Do you believe in magic? If only the magic of the Internet.

It’s been about a year since I discovered that treasure-trove of paper memorabilia once belonging to my husband’s ancestors, the Nicholsons of Richmond.

I’ve learned an amazing amount since I wrote that article for Townships Heritage WebMagazine back in February of 2004: a lot about the Scots of the Eastern Townships; a lot about teachers at the turn of the century; a lot about that very pivotal era in Canadian history, from 1896 to 1922, when Canada was “a nation in transition,” as one historian puts it.

medium_tigh.sussex.jpgA SERIES OF COINCIDENCES
And because of a magical series of coincidences, I have learned one more sweet fact, that the fancy sword Norman Nicholson is wearing in the picture from that article (reproduced at left) is not a militia sword, but a Masonic sword.

How did I find this out? Well, one Thursday evening a few weeks ago (as I returned from a visit with Esther Healey at the Richmond Historical Society) I found an email awaiting me. It was from Matthew Farfan, editor of Townships Heritage WebMagazine. A couple in the Okanagan Valley of BC, we’ll call them the C’s, had gotten in touch with Matthew, wanting to get in touch with me: They had Norman’s sword!

How come you have Norman’s sword? I asked in a return email. Because I took it as a kid from Mrs. Nicholson’s home, Mr. C answered. (How he loved that old house, he wrote, the steep basement stairs, the wondrous attic filled with fantastic things. He told me the barn in the back was ‘boy central’ in the era of Beatlemania and go go boots.

Right: The family papers show that old Norman Nicholson was a member in good standing of the Sussex Preceptory No. 9, Knights Templar, Sherbrooke.

Mr. C’s parents had rented the house from my husband’s great aunt, Edith Nicholson, in the late 50’s until the middle 60’s. Somehow the sword had been swept up in the bustle when the family moved out. Mr C assumes he took the sword, because he remembers playing with it, a lot, even “terrorizing” his sister with it. What boy wouldn’t play with a sword like that: a traditional ceremonial Mason sword, adorned with all kinds of mysterious symbols, a knight’s head and a Christian cross.

Phone my wife, Mr.C instructed. She’ll tell you about the sword. So I did – on the jump. At what a story Mrs. C. related! The sword has been hanging on the BC couple’s wall since the death of her in-laws. Prior to that it had traveled all over North America, as far as Ventura, California.

tigh.blairsword.jpgTERRORIZED BY THE SWORD
A few months ago, Mr. C’s sister, the little girl once ‘terrorized’ by the sword, visited them and happened to mention, out of the blue, that the ornate weapon on the wall had a name engraved on it. (All Mason swords do.) The name was ‘Norman Nicholson.”

A few months passed and Mrs. C, who has never been to Quebec, had the sudden impulse to return the heirloom to its rightful descendants.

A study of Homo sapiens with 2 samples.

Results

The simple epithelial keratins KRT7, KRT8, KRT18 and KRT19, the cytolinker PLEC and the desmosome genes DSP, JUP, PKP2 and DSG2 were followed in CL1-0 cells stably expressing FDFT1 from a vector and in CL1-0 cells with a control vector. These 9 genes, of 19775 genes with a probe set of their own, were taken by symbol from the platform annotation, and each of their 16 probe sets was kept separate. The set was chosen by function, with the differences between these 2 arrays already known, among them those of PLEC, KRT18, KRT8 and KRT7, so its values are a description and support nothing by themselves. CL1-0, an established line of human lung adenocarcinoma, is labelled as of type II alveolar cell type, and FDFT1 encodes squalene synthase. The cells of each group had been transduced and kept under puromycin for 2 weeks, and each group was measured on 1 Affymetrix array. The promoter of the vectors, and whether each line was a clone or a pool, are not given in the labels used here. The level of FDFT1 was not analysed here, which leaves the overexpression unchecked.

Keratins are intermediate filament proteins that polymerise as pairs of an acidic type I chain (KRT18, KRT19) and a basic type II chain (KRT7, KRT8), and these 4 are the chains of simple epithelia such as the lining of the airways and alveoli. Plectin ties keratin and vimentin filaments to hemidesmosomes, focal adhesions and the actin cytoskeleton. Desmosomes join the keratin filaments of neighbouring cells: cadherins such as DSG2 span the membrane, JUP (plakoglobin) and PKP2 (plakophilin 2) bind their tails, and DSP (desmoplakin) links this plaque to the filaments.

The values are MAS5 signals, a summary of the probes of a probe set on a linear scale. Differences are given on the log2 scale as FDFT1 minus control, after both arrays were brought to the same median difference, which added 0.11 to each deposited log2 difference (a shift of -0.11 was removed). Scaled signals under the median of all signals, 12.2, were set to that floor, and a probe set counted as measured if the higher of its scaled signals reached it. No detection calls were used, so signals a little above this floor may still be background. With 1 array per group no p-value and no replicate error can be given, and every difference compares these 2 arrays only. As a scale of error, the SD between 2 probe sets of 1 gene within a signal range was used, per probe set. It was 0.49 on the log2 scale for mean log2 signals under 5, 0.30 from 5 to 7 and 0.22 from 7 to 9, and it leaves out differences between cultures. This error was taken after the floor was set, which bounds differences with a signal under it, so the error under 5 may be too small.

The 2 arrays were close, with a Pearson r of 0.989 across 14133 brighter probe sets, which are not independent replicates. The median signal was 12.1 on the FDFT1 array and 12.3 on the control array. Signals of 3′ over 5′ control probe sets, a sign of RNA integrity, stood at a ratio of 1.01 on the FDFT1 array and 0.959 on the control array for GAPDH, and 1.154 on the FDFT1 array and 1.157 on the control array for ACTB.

She Googled ‘Norman Nicholson’, but no luck. Too many of them. She entered “Margaret Nicholson” into the search engine and presto, she up popped the web page with my article – with her sword staring her right in the face. Now, how did she know to enter the name ‘Margaret Nicholson’? Because Mr. C remembered that in his childhood stamp book, there’s an old letter addressed to a Margaret Nicholson of Richmond, along with a picture of an old man with handlebar moustache brandishing his sword in mock battle.

So it is likely that over forty years ago a curious little boy who was to grow up to be a BC geologist, plumbed the depths of that same Nicholson treasure chest full of letters and memorabilia; the one that later made its way to my mother-in-law’s house - the one I discovered just about a year ago - and taken that envelope and an appealing photograph of a swashbuckling septuagenarian. He may have cut stamps out of other envelopes, because many of mine are missing stamps (above left).

Still not convinced that magic has anything to do with it?

Norman ’s sword arrived by Purolator the Tuesday before Halloween. Pre-paid. I handed it to my son, Mark, (Norman’s great-great grandson, one of many) and later to Blair, his father, and he placed it on the living room mantle. That night, as we watched TV downstairs, we all heard a thump in the living room upstairs. My husband went up to find the album I keep on the coffee table, the one containing the best Nicholson memorabilia, even his death certificate on the floor. It had popped open and pages were strewn all over the carpet in front of the fireplace.

Of course, it was likely the dog, but I took no chances. I placed a portrait of Margaret taken in 1912 beside the sword…I’d like to think that’s what he was looking for.

*Dorothy Nixon is a Montreal-based writer who specializes in women's issues and education.
**Tighsolas means "House of Light" in Gaelic. The family homestead was filled with windows.